The first month of breastfeeding can really be the most difficult weeks of breastfeeding. But don’t give up! Here are 10 tips to conquer early breastfeeding challenges! #5 is probably the most overlooked.
The first month of breastfeeding can really be the most difficult weeks of breastfeeding. And, unfortunately, it’s the time many moms give up.
I don’t blame them. It’s hard. It can hurt. During that time, there may be little milk and much tears–and maybe even some blood.
As I mentioned a few weeks back, the best breastfeeding advice anyone ever gave me was to just give it two weeks.
That little nugget of wisdom was all I needed to persevere to the 50+ months of breastfeeding that I now have under my belt. I firmly believe that if you can give it those two weeks, you can give it two more weeks. And, before you know it, you will have mastered one full month of breastfeeding!
If you can make it through that month, you’ll be well on your way to a successful breastfeeding experience.
Image by Mothering Touch
So WHY is the first month of breastfeeding so challenging?
Think about it. You’ve just been through 9 months of pregnancy and maybe hours (or even days) of intense labor. Labor in itself is beautiful and wonderful–but it’s also like running a marathon.
Your body’s been through A LOT. Your hormones are going CRAZY.
You might have postpartum depression.
But there’s a precious little one looking at you who is even hungrier.
And you’re his or her only source of nourishment.
It’s OK to feel overwhelmed. It WILL get better.
Here are some things that have helped me get through that first month (three times now!):
1. Breast-Soothing Creams
In the past, I’ve mentioned that lanolin was my best friend during those few weeks. Especially during my first breastfeeding experience, I’ve loaded up on the lanolin! I used the Lansinoh lanolin, which is 100% pure and contains no preservatives or additives.
I’ve since learned of the amazing benefits of coconut oil, which I believe is even better for sore nipples. Find out what works for you. If you are birthing in a hospital, I would advise to pack some breast-soothing creams to have on hand once baby arrives!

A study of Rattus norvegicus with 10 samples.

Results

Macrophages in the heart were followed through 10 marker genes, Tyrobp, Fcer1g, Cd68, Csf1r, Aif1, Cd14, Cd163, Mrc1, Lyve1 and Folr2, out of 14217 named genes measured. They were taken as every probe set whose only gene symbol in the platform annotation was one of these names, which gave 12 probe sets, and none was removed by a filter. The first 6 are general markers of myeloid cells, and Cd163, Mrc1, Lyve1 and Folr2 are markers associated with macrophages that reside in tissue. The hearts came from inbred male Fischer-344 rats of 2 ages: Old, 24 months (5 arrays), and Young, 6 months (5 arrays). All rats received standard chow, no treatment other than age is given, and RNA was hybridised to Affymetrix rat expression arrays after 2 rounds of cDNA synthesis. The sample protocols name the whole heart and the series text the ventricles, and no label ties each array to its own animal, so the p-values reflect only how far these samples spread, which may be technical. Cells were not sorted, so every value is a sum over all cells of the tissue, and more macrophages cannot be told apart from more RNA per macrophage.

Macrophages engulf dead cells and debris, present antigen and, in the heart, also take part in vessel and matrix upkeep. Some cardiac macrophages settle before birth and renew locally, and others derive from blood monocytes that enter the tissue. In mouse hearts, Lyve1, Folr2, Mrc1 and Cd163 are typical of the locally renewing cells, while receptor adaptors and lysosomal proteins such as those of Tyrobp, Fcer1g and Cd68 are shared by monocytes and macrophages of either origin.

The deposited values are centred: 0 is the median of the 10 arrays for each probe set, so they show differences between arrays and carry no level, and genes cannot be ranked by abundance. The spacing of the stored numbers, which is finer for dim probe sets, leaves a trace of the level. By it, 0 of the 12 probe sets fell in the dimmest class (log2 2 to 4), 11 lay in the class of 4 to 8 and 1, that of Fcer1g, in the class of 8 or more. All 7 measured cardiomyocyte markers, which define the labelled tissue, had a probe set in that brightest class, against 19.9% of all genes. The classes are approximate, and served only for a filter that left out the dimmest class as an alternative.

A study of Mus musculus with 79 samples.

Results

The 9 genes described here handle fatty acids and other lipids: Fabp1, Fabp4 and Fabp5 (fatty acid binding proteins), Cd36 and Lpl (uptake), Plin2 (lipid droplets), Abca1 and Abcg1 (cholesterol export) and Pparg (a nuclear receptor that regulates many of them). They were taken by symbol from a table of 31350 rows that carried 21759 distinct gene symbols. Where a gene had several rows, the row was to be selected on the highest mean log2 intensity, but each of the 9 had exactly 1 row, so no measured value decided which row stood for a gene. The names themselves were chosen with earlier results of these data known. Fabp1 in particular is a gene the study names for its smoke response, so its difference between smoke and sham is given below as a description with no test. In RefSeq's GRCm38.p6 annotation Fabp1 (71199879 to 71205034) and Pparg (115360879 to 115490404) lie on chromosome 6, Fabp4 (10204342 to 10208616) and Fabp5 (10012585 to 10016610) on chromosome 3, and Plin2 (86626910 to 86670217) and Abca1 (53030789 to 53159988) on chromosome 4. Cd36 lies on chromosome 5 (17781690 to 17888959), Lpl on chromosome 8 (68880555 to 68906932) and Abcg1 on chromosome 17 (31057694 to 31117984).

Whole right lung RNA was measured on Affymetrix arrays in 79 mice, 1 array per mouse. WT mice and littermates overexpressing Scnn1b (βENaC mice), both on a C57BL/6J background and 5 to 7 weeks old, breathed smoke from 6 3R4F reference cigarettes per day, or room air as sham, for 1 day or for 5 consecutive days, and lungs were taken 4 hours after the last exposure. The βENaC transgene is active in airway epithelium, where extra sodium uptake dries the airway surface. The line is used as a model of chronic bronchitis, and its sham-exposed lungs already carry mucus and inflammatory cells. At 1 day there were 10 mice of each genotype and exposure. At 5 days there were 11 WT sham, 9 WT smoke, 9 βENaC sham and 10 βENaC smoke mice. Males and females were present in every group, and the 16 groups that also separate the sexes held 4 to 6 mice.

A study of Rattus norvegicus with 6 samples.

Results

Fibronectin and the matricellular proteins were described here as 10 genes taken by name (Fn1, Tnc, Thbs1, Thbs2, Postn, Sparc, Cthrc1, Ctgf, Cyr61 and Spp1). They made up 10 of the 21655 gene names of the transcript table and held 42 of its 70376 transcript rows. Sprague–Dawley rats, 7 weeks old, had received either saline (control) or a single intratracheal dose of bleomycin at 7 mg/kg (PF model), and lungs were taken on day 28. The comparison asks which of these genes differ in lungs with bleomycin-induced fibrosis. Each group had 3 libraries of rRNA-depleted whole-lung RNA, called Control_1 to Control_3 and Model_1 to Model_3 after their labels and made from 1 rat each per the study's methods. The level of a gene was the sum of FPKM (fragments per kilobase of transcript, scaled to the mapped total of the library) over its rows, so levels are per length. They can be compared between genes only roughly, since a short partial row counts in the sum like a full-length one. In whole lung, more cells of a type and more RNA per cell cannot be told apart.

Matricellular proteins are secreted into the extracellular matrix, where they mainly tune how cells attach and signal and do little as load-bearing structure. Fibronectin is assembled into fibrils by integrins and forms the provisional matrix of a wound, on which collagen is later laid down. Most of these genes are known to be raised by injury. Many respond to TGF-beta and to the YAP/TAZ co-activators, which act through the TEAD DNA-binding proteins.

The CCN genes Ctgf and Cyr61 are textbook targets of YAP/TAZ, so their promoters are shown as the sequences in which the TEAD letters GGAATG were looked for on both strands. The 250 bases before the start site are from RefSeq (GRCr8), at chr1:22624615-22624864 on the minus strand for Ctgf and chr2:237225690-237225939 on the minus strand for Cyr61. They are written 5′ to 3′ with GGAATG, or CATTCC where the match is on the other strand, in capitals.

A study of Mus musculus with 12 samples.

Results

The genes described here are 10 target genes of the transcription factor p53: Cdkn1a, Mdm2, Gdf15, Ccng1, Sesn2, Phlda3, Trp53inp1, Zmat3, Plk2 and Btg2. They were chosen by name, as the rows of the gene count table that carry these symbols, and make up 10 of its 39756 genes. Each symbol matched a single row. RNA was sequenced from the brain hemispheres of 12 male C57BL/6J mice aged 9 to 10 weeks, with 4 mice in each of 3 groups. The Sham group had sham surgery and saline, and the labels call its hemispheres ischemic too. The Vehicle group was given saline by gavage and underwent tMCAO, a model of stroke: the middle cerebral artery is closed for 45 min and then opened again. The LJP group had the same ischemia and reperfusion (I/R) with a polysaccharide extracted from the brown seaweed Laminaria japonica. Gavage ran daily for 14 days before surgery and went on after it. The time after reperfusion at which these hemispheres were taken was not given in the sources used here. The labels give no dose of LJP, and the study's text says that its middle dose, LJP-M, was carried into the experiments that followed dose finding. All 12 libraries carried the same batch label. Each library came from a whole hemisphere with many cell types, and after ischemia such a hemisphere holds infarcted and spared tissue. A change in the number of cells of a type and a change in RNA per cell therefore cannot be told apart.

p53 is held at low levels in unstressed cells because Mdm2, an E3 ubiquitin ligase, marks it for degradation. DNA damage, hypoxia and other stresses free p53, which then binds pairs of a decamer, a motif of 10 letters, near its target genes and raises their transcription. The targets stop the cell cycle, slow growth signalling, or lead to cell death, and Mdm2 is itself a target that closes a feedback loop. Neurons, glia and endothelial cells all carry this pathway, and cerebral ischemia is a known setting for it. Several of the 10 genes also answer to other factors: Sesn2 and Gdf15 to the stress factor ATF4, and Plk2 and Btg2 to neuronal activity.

Note: You will most likely be sore those first few weeks with each child you breastfeed. I was shocked that I was sore with my second and third–especially with having nursed my first for almost two years. My third had a poor latch, and my nipples were probably the sorest with her!
2. A Breastfeeding Pillow
I used a Boppy. My Breast Friend is another option. To be honest, I only really used the Boppy during my first breastfeeding experience. With other little ones under toe during my second and third experiences, I had to learn to nurse without being completely still with baby on a pillow!
But during my first breastfeeding experience, it was so comfortable propping my daughter up on this pillow. You can later use the pillow for baby’s tummy time.
3. Good Reading Material
I suggest reading The Nursing Mother’s Companion and The Womanly Art of Breastfeedingthat first month. I kept both books by my “nursing station” (the place where I normally nursed). My hubby even bought me a small book light, so I could read while nursing at night without waking him up!
Drinking enough fluids is vital to milk production. Nursing moms should drink to their thirst, meaning that they should follow their body’s cues and drink when they feel thirsty. I kept a glass of water by my bed and nursing station and drank it ALL DAY!
Like I said, you’ve just been through perhaps the marathon of your LIFE! Your body needs to rest in order to make milk. It sounds cliche, but TRY to rest while your baby is resting. This is easier with your first baby because you don’t have older children to care for.
If a friend or relative volunteers to come help you, by all means, take them up on the offer, and GO TAKE A NAP! If can afford to do so, hire a postpartum doula to help you around the house.
Image by ODHD
It took 5 DAYS for my milk to come in with my first daughter. Each day, my stomach knotted up more and more–thinking my milk would never come. I stressed–big time. I remember looking at myself and saying: “Milk! Come in! Please!” Eventually, my milk arrived, but all my stressing probably did not help things.
7. Demand Feeding
When your baby is tiny, I would give them as much feeding time as they want. I would encourage them to nurse long and often.
Your milk supply is directly related to the baby’s demand. The milk they take in during those early days will help establish your supply (and help prevent problems later on).
I remember feeling FAMISHED those first days home after my first daughter’s birth. Not only have you just burned a massive amount of calories after your labor and delivery, but you’re also burning an extra 300-500 calories per day to make milk!
Eat lots of good fats, try a lactation cookie and enjoy being able to eat a little more than normal for the time being.
Image by Daquella manera
9. A Good Support System
Talk to your nursing friends, check out a Breastfeeding USA or La Leche Leaguemeeting, chat with your breastfeeding buddies in an online forum, like on your local Mommies Network, Baby Center or DiaperSwappers.
Never feel like you are in this alone! I remember thinking during those late-night feedings: “There are millions of mothers all over the world doing exactly the same thing that I’m doing right now!”
In my book, this is the most important. Remember that the God who created your baby, the God who created YOU, created your body to nourish this little baby He’s entrusted to you. When you feel like giving up, ask Him to help you.
What helped YOU get through the first month of breastfeeding?
If you liked this post, you may also like my post on homemade lactation cookies.
This post is part of the Breast-Kept Secrets: Breastfeeding Advice from One Mom to Another series. Go back and read all posts here.